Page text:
A 26-year-old trainee tax adviser has become the youngest Irish person to reach the summit of Mount Everest.
Rob Mortell, from Limerick, sent a message from his GPS tracker yesterday morning which confirmed that he had completed the climb.
The record was previously held by Mark Quinn, also of Limerick, who climbed the mountain aged 27 in 2011. Samantha O’Carroll, from Cork, reached the summit aged 28 in 2004.
Jordan Romero, from the US, reach the summit aged 13 in 2010. Age restrictions introduced since mean that climbers must be at least 16 years old.
Mr Mortell, a graduate of University of Limerick, climbed the Matterhorn in the Alps in 2013, Mount McKinley in Alaska in 2014 and Ama Dablam, also in the Himalayas, last October. His latest trip was sponsored mainly by his employer, KPMG.
His ascent came during a dangerous season on Everest, with three people dying from altitude sickness since Friday and two more missing climbers feared dead in the high altitude “death zone”. He is the only Irish climber on the mountain this year and was said to be safely camped at around 26,000 feet last night.
Subash Paul, an Indian climber, died on Sunday night and two others from India have been missing since Saturday and are thought to be dead.
A Dutch professional climber, Eric Arnold, 36, died within Everest’s “death zone” on Friday night after reaching the summit. On Saturday night an Australian academic, Maria Strydom, 34, who was climbing in the same party as Mr Arnold, died 1,300 feet from Everest’s summit.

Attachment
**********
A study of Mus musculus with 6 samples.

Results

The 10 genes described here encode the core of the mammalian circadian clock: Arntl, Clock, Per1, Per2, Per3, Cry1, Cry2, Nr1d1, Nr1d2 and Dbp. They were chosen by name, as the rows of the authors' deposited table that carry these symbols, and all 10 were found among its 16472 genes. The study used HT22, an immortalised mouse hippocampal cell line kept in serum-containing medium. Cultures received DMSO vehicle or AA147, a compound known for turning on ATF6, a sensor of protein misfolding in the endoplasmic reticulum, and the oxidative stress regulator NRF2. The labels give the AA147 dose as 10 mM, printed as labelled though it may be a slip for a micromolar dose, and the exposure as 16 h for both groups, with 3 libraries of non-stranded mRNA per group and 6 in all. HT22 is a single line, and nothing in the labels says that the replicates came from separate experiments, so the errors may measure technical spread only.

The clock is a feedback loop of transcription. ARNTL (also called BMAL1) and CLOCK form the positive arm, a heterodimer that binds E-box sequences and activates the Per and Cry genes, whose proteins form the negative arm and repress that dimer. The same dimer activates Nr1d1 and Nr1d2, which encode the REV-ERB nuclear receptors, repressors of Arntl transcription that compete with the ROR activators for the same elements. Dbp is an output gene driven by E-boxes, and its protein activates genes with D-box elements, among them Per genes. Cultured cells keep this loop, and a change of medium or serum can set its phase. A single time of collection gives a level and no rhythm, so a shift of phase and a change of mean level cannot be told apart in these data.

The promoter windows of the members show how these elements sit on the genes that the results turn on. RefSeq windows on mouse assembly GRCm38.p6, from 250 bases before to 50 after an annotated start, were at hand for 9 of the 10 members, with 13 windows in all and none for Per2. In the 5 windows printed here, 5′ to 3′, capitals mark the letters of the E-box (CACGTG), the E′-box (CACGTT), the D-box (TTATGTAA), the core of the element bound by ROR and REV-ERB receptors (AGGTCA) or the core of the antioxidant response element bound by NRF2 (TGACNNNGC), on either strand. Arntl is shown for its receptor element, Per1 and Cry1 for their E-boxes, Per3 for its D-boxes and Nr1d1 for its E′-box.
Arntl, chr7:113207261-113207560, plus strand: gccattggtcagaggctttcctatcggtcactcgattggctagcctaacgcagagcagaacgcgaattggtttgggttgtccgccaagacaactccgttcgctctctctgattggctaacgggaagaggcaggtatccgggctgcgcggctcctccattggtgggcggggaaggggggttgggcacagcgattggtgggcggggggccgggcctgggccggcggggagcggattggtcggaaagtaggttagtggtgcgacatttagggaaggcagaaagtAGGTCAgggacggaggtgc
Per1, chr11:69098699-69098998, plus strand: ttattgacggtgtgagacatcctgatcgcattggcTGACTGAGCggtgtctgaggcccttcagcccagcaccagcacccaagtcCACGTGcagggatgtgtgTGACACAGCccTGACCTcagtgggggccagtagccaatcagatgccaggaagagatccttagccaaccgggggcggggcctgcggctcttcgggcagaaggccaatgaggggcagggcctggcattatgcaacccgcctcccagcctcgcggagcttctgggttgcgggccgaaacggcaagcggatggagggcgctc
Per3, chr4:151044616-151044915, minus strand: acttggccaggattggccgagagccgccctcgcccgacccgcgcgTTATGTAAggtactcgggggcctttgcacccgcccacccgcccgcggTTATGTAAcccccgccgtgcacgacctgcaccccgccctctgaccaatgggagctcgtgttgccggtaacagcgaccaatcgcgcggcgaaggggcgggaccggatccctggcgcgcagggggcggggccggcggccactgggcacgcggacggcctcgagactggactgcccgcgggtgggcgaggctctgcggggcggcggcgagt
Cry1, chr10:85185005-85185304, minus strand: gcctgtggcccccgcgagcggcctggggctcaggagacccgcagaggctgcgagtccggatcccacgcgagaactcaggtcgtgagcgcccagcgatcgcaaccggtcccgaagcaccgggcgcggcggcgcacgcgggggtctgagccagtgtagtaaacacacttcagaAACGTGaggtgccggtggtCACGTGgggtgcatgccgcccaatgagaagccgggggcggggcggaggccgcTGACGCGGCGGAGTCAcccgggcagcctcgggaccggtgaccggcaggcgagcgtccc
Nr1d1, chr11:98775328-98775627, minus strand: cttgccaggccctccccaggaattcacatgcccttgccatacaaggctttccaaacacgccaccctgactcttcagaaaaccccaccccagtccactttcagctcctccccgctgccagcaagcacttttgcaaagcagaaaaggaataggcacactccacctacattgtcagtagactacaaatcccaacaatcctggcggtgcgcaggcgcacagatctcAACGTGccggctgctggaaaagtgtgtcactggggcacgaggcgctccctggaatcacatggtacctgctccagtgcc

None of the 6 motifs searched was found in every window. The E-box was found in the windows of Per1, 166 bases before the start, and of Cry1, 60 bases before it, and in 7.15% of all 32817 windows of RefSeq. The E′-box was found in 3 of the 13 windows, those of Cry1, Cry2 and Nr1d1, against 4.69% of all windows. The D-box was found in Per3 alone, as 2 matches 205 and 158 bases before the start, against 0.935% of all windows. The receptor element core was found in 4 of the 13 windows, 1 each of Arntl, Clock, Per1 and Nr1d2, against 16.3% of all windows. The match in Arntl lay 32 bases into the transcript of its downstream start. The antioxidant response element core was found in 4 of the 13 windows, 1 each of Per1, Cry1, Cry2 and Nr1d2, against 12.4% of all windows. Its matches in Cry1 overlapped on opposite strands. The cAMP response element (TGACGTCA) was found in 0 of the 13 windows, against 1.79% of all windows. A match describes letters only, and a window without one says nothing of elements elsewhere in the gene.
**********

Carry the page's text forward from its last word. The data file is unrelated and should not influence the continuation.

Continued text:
Thirty people on the mountain have suffered altitude sickness or frostbite in recent days, according to reports in Nepal. Phurba Sherpa, a climbing instructor, fell to his death on Thursday. Perhaps, enthusiasts who are planning to climb Everest can check out this weblink before they plan their expedition to avoid such unforeseen circumstances.
Hundreds of international climbers have assembled at Everest’s base camp in recent weeks to take advantage of the eight-week spring climbing season. The rush for the summit follows two disastrous seasons; an earthquake-triggered avalanche struck base camp last year, and an ice fall killed 16 Sherpas in 2014. Around 400 climbers have reached the peak since early May.